A road trip with a dog is a classic experience, but you don’t hear so much about traveling with cats. Felines can be fine traveling companions, though, especially if you prepare them beforehand and take some common-sense precautions to keep them safe and happy. Here’s our expert advice on taking cats for a ride – whether your destination is a day away or the other side of the country.
▪ If you have a few weeks or months before the big move, begin to accustom your cat to its carrier. Leave it out in the house for the cat to explore, and make it extra-appealing by placing treats or catnip toys inside for the cat to find. You may also want to feed meals in it, leaving the door open.
▪ Accustom your cat to car rides that don’t involve going to the veterinarian. Start with short trips down the street or around the block and right back home. Always make sure the ride is comfortable, with the carriers resting on a level, stable surface. Gradually increase the distance of the trips, with occasional stops for a treat such as a tiny bite of your hamburger at a drive-through or other special treat.
▪ Feline pheromone sprays or wipes can enhance a carrier’s allure and may help your cat relax when in it.
▪ Tranquilizers are usually not a good idea, but if you have an anxious cat, talk to your veterinarian about chewable nutritional supplements that can have a calming effect. If your cat shows signs of motion sickness, such as drooling or vomiting, it may benefit from a prescription for Cerenia, an anti-nausea medication.
▪ Plot your trip based on the location of pet-friendly hotels. Even if a website says a particular hotel or chain permits pets, call beforehand to confirm that cats are welcome.
▪ Stock up on disposable litter boxes. Annette Maxberry-Carrara, who has moved around the world with various cats, recommends buying one for every stop until you reach your destination, and using “crystal” litter, individually bagged for each stop.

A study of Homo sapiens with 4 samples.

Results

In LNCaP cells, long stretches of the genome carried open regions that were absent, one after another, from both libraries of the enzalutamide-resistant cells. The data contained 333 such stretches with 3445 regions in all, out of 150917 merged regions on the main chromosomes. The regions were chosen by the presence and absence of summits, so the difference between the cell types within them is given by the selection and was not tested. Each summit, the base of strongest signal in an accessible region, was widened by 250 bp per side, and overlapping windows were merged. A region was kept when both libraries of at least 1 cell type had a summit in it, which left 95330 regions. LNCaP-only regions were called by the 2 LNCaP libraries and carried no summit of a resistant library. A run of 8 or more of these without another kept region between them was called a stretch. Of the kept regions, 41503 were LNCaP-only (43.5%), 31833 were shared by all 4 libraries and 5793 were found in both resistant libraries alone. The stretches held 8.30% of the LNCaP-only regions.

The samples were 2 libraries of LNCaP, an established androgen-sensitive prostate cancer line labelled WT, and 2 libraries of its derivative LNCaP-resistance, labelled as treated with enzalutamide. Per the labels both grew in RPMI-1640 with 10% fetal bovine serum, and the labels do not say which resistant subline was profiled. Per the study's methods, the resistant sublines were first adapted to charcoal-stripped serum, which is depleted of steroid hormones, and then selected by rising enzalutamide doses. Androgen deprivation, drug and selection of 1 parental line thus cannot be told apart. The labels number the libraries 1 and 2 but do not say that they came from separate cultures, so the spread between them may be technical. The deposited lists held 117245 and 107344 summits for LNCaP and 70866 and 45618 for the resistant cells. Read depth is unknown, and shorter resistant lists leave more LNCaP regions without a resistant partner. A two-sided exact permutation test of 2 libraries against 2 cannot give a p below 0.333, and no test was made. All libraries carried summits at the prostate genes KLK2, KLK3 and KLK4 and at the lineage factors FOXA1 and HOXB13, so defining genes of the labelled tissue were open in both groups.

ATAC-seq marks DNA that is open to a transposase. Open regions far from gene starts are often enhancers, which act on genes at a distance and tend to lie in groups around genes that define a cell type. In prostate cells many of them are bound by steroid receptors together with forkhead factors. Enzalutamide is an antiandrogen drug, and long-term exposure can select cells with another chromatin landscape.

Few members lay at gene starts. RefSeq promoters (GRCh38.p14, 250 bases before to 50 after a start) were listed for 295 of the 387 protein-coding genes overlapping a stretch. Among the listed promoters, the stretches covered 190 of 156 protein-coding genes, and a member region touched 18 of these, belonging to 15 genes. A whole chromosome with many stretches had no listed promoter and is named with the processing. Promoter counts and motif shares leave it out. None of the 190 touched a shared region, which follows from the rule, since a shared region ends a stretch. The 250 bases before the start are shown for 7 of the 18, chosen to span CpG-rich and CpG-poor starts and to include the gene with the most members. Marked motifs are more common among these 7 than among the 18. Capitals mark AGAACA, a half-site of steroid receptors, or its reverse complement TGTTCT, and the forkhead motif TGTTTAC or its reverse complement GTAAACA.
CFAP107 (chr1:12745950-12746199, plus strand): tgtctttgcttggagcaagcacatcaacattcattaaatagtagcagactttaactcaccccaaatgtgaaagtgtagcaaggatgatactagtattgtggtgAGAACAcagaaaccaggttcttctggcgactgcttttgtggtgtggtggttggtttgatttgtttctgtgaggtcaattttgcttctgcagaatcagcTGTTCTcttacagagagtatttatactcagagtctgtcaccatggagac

“It’s lighter than clay, cuts the stink in the hotel room or car, and absorbs liquid quickly,” she said. “Toss the whole thing when you leave the hotel.”
▪ Feed your cat at least an hour before departure every morning so it has a chance to use the litter box before you set out.
“Cats generally eat and drink less while traveling,” said Jane Kelley, who moved from Maine to Seattle with her three cats, ages 17, 13 and 1 year. “That gave my cats all the opportunity they needed until we stopped eight to 10 hours later.”
▪ On the road, keep your cat in his carrier.
▪ At hotels, take the cat in first – in the carrier – and place it in the bathroom and close the door. Then you can bring in other items from the car without fear the cat will bolt.
▪ Plan ahead for your arrival. Terry Albert, who moved her cats from Seattle to San Diego and back again, said, “I’m probably the only person who ever checked luggage with an unwashed litter box in a trash bag so the cats would have something that smelled like home when we got to the new place.”
Pet Connection is produced by a team of pet-care experts headed by veterinarian Dr. Marty Becker and Kim Campbell Thornton, author of many pet-care books. The two are affiliated with Vetstreet.com.